Popular Herb Works for Obsessive-Compulsive Disorder

From the WebMD Archives

Aug. 17, 2000 -- A little obsessive and compulsive behavior may be a good thing. It helps us make sure the iron is really off before we leave the house, or brush our teeth after every meal. But for those with diagnosed obsessive-compulsive disorder, life can become a nightmare of intrusive thoughts and ritualistic and repetitive actions.

Treating patients with obsessive-compulsive disorder is not easy. Many feel that the best therapy is a type of talking therapy called cognitive behavior therapy. Sometimes, if patients don't respond or respond only partially, antidepressants -- usually selective serotonin reuptake inhibitors (SSRIs), like Prozac -- are prescribed.

St. John's wort, or Hypericum perforatum, an herbal medication, has antidepressant activity. It also appears to work pretty much the same way as the SSRI antidepressants. So researchers decided to give it a try in patients with obsessive-compulsive disorder.

And guess what? It worked, at least as well as SSRIs, according to a report in the August issue of the Journal of Clinical Psychiatry. Almost half of the people in a small trial group claimed to have significant improvement in their symptoms after taking one of the active ingredients of St. John's wort for three months.

"It appears that people responded favorably, but ... it's still too early to use it with any degree of certainty," cautions study author Kenneth A. Kobak, PhD. "I wouldn't go out and assume it is an effective treatment at this point, and I wouldn't use it in place of standard treatments that are out there that have been thoroughly tested," However, he writes that he and his colleague on the study are sufficiently encouraged by the findings to conduct a larger and better-designed trial of St. John's wort for obsessive-compulsive treatment.

Kobak, who is with the Dean Foundation for Health Research and Education in Middleton, Wis., and co-investigator Leslie Taylor, MD, treated a group of 12 obsessive-compulsive patients with hypericin, which is the active ingredient in St. John's wort. Behavior was monitored weekly by both the patients and their physicians.

Obsessive-compulsive symptoms improved notably within a week after treatment began and continued to improve throughout the trial. About 40% of the patients were found to be "much improved" or "very much improved" by both the clinicians and the patients themselves. About half indicated that their symptoms were "minimally improved," and only one patient was found to be unchanged.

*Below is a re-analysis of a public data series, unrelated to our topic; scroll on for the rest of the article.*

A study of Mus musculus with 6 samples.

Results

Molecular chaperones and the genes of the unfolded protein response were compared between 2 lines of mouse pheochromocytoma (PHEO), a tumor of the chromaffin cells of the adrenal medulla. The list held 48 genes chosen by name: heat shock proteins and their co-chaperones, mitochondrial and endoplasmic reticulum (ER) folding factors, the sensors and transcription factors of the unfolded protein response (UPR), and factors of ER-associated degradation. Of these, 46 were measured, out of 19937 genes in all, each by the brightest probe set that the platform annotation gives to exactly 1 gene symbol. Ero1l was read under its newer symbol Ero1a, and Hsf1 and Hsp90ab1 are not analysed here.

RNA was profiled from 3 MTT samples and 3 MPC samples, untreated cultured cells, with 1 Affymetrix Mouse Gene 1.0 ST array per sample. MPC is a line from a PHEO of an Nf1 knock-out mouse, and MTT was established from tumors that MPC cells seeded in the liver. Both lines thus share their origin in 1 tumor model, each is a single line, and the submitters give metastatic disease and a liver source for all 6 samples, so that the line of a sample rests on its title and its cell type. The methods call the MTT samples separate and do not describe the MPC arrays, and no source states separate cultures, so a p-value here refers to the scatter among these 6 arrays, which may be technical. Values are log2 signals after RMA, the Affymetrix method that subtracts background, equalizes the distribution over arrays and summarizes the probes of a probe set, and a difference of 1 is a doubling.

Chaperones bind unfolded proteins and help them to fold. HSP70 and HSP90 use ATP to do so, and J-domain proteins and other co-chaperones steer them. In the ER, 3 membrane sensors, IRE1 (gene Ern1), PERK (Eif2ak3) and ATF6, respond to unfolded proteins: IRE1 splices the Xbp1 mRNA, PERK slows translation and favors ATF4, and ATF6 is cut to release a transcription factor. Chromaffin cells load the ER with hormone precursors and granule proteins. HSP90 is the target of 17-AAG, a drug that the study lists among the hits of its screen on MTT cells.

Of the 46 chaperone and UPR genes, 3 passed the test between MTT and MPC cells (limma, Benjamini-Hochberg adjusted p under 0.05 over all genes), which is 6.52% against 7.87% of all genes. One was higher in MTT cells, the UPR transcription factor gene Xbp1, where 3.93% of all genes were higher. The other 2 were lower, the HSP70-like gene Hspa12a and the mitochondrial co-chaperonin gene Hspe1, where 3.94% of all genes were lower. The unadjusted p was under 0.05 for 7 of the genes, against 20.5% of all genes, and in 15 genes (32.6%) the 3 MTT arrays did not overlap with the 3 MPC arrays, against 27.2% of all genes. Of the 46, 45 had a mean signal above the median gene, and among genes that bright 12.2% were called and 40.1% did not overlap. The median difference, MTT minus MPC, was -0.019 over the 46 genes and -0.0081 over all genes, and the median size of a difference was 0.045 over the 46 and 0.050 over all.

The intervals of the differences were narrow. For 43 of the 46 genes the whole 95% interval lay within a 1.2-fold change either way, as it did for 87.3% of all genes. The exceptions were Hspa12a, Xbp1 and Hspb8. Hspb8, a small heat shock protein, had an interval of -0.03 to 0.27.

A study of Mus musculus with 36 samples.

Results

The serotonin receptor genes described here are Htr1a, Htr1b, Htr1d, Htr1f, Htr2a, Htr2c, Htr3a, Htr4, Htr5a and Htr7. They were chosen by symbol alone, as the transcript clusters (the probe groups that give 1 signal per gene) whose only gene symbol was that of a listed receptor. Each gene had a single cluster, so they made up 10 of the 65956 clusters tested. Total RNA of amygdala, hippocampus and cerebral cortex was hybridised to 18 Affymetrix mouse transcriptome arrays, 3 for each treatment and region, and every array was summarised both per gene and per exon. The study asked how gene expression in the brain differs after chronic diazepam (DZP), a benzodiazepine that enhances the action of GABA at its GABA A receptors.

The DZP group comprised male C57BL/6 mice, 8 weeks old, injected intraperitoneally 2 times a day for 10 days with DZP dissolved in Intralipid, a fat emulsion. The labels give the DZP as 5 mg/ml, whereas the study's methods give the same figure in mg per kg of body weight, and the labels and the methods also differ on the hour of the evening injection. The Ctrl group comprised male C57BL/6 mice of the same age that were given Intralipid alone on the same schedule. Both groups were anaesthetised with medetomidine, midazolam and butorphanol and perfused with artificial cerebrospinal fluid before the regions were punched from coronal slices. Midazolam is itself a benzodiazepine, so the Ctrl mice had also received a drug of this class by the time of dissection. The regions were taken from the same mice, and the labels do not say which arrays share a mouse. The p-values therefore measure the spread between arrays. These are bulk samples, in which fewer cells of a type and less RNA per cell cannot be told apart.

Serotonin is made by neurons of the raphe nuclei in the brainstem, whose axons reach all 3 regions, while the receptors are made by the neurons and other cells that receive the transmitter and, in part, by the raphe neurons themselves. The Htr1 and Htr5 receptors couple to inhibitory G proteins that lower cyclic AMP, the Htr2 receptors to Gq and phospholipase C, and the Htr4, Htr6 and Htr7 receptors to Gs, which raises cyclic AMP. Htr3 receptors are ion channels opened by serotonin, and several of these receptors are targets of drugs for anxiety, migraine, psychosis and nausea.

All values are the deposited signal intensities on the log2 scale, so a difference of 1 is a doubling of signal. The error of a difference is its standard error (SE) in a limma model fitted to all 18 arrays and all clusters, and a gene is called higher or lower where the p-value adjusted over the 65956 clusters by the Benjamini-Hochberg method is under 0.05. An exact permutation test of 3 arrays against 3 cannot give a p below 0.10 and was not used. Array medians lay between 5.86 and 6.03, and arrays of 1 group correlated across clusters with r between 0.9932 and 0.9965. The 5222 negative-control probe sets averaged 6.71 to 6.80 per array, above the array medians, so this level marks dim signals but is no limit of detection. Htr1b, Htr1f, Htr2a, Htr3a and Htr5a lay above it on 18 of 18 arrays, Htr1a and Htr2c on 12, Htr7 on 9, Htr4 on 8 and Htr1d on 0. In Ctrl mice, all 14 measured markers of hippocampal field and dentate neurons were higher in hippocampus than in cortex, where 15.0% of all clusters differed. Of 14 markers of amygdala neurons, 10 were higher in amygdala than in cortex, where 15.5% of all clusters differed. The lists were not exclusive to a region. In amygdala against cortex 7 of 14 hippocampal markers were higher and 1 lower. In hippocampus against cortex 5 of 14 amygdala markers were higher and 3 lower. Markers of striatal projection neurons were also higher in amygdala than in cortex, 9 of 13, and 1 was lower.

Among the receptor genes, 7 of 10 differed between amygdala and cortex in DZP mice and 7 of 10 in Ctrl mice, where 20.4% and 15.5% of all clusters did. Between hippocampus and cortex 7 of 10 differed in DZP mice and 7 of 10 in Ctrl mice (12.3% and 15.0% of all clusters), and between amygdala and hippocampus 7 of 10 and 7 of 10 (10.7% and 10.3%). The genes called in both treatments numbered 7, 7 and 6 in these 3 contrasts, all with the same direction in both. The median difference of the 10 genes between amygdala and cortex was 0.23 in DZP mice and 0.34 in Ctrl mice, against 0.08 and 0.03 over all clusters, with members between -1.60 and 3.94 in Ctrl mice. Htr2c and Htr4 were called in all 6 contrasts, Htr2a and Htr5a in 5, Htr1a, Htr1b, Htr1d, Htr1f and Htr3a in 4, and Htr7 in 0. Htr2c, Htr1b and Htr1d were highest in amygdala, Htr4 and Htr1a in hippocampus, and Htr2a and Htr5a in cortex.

"It's neat that some other things other than standard medications are popping up that might be helpful," says Michael Jenike, MD, of Harvard Medical School, noting that about one-third of patients do not respond well to currently available medications.

In his experience, Jenike has had patients with obsessive-compulsive disorder who have used St. John's wort. "I haven't seen any dramatic successes, but most of the people I use it for are sicker patients who have failed other drugs. In their study, the ones that had already failed other drugs do not do very well." Jenike is also the director of the scientific advisory board of the Obsessive-Compulsive Foundation, which supported this study.

He adds: "People may ask, 'Why not use [St. John's wort], since it probably has fewer side effects, [and] is safer and less difficult to take than SSRIs?' My answer is that this report is really the only evidence that we have that St. John's wort might do anything [for obsessive-compulsive disorder]. The other drugs have been carefully studied, so they would still be the [drugs to choose]. But if this shows [in larger studies] it works as well as the other drugs, people might eventually pick St. John's wort over the SSRIs."

Patients sometimes take herbal compounds in addition to prescribed medications, and often without their physicians' knowledge, says Kobak. He urges patients to proceed with caution, because issues such as standardization of medications, contraindications, and drug interactions have not yet been well examined for many herbal medicines. He adds that there is also little information about any interactions between St. John's wort and other medications. "At a minimum," Kobak tells WebMD, "always let your physician know you are taking any herbal compounds."